A few weeks ago, a 21 year old rock climber named Max Lenali died in a tragic hiking accident. He was friends with one of my closest friends at BC.
Some of Max’s friends organized a memorial service for him at a beach in Providence, Rhode Island near Brown University where he went to school.
During the service we huddled together in a circle each holding onto a candle. As the wax from my candle melted onto my gloves and froze, I listened to Max’s friends share with the group what Max meant to them.
“He always brought the stoke,” one of Max’s rock climbing friends said with a teary chuckle.
That stuck with me.
When we got home, I wrote, “Bring the stoke” on the chalk wall in my apartment.
A few weeks later, I find myself reflecting on what it means to ‘Bring the stoke.’ Is this just hippie California earthy crunchy nature person slang?
A stoke is a tool that you use to tend a fire so that it burns brighter, warmer, and higher.
After the sun went down during Max’s memorial service, our toes and fingers started to go numb. Mostly strangers, we huddled around a couple of hot fires – each burning in Max’s memory.
The metaphor of a ‘fire’ is a good one to describe what is inside of all of us. Some philosophers, like John Locke, believed that people are ‘blank slates’ or ’empty vessels.’ We are filled up by experiences and information that pours into us during our lives. I think that Locke was wrong.
Plutarch writes, “The mind is not a vessel to be filled but a fire to be kindled.”
We all have a fire within us because we are ALIVE. Some people, like Max, get really good at stoking their own fire. Multiple people said that they will remember Max as a kid who liked to eat a healthy dinner and get to bed early before a day of climbing the next morning. Those are great ways to add logs to the fire.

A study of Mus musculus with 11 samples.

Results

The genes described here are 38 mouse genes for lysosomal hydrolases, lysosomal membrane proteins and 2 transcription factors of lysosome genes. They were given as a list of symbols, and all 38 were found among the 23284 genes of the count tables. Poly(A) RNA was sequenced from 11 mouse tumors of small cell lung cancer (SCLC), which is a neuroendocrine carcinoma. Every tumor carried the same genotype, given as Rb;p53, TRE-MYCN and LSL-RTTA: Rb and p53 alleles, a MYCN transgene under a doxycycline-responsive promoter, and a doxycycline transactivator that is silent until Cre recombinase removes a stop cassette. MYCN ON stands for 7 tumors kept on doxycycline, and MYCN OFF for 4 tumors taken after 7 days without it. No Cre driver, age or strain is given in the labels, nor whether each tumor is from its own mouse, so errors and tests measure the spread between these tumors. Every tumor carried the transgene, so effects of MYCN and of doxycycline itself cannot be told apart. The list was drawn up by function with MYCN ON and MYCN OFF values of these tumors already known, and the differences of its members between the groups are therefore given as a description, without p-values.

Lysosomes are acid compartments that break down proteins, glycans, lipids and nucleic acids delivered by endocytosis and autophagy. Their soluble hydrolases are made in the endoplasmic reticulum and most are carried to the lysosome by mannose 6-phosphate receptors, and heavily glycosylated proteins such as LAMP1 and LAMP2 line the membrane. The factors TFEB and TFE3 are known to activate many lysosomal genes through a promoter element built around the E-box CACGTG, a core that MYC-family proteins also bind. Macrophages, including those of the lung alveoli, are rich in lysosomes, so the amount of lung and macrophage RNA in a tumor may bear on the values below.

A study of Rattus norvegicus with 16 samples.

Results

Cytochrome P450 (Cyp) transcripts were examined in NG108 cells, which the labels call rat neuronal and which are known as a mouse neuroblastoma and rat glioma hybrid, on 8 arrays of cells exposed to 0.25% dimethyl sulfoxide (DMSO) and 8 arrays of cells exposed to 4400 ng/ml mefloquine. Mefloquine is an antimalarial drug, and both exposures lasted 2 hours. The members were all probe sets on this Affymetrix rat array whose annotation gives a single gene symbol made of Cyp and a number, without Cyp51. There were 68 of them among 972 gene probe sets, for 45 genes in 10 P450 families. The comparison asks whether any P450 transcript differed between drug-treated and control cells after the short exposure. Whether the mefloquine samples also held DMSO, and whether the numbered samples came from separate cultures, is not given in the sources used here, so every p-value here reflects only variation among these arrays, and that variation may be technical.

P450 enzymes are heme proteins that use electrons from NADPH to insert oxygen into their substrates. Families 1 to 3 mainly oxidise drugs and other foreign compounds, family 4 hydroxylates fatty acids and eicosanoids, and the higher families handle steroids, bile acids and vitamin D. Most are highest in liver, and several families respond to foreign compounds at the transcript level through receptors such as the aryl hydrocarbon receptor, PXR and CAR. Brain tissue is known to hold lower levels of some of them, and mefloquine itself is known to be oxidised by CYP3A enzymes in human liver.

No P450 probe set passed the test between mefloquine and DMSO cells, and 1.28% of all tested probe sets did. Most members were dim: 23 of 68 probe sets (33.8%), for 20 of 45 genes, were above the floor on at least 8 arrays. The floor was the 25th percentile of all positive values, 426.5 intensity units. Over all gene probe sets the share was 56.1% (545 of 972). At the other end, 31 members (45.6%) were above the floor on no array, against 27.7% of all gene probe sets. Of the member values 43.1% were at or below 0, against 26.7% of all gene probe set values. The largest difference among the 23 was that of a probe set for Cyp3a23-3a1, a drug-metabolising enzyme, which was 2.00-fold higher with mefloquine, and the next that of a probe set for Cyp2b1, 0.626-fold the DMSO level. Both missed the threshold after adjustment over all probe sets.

God gives us all a spark. That is His gift. It is up to us to ‘bring the stoke’ and to get the fire blazing. It is our responsibility to add logs to our own fire or to tend a friend’s when their’s is burning low.
It has been a hard year for all of us. It is cold and dark out there. Perhaps now more than ever we need people who can ‘bring the stoke’ like Max did. We need people who can tend the fire.
I am trying to reflect on ways that I can bring the stoke. I’m asking myself, how can I burn a little bit brighter today?
This service got me thinking about how fragile life is – even for someone my age. The spark of life is a gift from God. Inevitably, that fire will go out. Realizing that can feel like a lot of pressure! But as my favorite singer songwriter John Craigie says, “You don’t gotta be perfect, you don’t gotta be a saint. Just don’t waste it, this was not a mistake!”
Bring the stoke. That fire in you is not a mistake.